If you’re looking for actively-managed funds with low expense ratios it might be difficult, especially if a parameter is consistent positive returns over the past three years on an annual basis. If you’re familiar with funds and low expense ratios, then you already know that these are Vanguard funds. If you’re seeking low-cost funds, then Vanguard should always be the first place to look. For example, the top five funds over the past three years are all Vanguard funds. This is impressive, but it doesn’t guarantee that these funds will deliver in 2016. Let’s take a look at these funds on a case-by-case basis.
Vanguard Strategic Equity
Vanguard Strategic Equity (VSEQX) has delivered an average annual return of 18.34% over the past three years. However, over the past year, it has depreciated 16.21% and currently offers a dividend yield of 1.62%. The minimum investment is $3,000. The strategy is to seek long-term capital appreciation by owning domestic stocks with strong growth potential that are also offering reasonable value relative to peers. The fund’s top holdings are Electronic Arts Inc. (EA), Tesoro Corp. (TSO) and Best Buy Co., Inc. (BBY). EA is somewhat intriguing thanks to Battlefront, but EA and BBY are still discretionary in a weak consumer environment. As far as TSO goes, owning anything related to energy isn’t going to offer the most upside potential – even if it’s a refiner. (For more, see: Vanguard Mutual Funds Overview.)
VSEQX comes with an expense ratio of 0.21% versus an industry average of 1.15%. This isn’t reason enough to consider an investment. If the prospects for a fund are subpar for the year, then the expense ratio is a non-factor.
Vanguard Capital Opportunity
Vanguard Capital Opportunity (VHCOX) has delivered an average annual return of 19.72% over the past three years. However, it has slid 6.93% over the past year. It currently yields 0.56%. VHCOX comes with an expense ratio of 0.45% versus an industry average of 1.18%. The minimum investment is $3,000. The strategy is to seek long-term capital appreciation via domestic stocks that have demonstrated rapid earnings growth and offer value compared to peers. The objective is to outperform the market over a 3 to 5 year time frame. This one is simple: It’s overexposed to healthcare. (For more, see: The ABCs of Mutual Fund Classes.)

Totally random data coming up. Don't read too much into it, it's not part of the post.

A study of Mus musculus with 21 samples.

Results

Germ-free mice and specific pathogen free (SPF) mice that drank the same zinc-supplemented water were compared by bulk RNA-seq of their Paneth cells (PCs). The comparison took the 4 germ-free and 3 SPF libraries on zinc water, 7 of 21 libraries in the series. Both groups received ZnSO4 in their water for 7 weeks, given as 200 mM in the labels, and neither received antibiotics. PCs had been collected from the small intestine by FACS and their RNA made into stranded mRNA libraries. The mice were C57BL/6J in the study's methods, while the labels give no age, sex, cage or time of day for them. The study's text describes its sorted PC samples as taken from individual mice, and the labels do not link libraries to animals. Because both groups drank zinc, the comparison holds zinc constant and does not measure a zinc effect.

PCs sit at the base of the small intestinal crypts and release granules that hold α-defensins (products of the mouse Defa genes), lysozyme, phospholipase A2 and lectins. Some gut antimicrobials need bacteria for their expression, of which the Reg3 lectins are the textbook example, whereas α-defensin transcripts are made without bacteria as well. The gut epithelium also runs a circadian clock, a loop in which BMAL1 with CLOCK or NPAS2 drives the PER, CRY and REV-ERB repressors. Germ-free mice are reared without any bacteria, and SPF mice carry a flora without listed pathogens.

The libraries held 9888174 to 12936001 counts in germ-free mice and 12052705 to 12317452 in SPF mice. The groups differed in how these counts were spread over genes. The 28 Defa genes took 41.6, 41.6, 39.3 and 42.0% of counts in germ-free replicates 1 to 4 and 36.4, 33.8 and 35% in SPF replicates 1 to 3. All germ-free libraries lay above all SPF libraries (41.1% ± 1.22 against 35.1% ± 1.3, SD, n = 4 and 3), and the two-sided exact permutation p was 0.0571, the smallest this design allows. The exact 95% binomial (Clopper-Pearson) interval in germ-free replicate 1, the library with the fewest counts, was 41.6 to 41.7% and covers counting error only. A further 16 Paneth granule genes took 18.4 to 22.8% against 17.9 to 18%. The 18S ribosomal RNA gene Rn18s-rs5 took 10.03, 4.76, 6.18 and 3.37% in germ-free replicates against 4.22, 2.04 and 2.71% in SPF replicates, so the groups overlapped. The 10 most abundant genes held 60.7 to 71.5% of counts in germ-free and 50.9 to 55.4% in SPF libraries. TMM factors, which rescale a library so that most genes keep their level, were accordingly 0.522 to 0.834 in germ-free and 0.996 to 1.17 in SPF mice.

Vanguard Capital Opportunity Adm
For Vanguard Capital Opportunity (VHCAX), see VHCOX, as this is the institutional share class of the fund. It has a 0.38% expense ratio, a yield of 0.64%, and a minimum investment of $50,000.
Vanguard Health Care
Vanguard Health Care (VGHCX) is self-explanatory. It invests in pharmaceutical firms, medical supplies, as well as hospital and healthcare facility operators. It has delivered an annual return of 23.61% over the past three years. However, it has slipped 5.05% over the past year. It currently yields 1.11%. The expense ratio of 0.34% is considerably lower than the industry average of 1.37%. The minimum investment is $3,000. With top holdings of Bristol-Myers Squibb Co. (BMY), Allergan (AGN) and UnitedHealth Group Inc. (UNH), this fund will offer more resiliency in a bear market than the names above, but that doesn’t mean you should expect a positive return for the year. (For more, see: Best 3 Vanguard Funds in the Healthcare Sector.)
Vanguard Health Care
For Vanguard Health Care (VGHAX), see VGHCX as this is the institutional share class for the fund. The differences are a 0.29% expense ratio, a 1.16% yield and a minimum investment of $50,000.
The Bottom Line
You might have an outside chance of appreciation with VGHCX and VGHCX in 2016, but this isn’t likely. Deflationary bear markets tend to bring everything down with them. If you seek capital preservation, look at U.S. Treasuries before all other options. (For more, see: The 3 Best Vanguard Mutual Funds for Your Roth IRA.)
Dan Moskowitz does not have any positions or association with any of the funds listed above.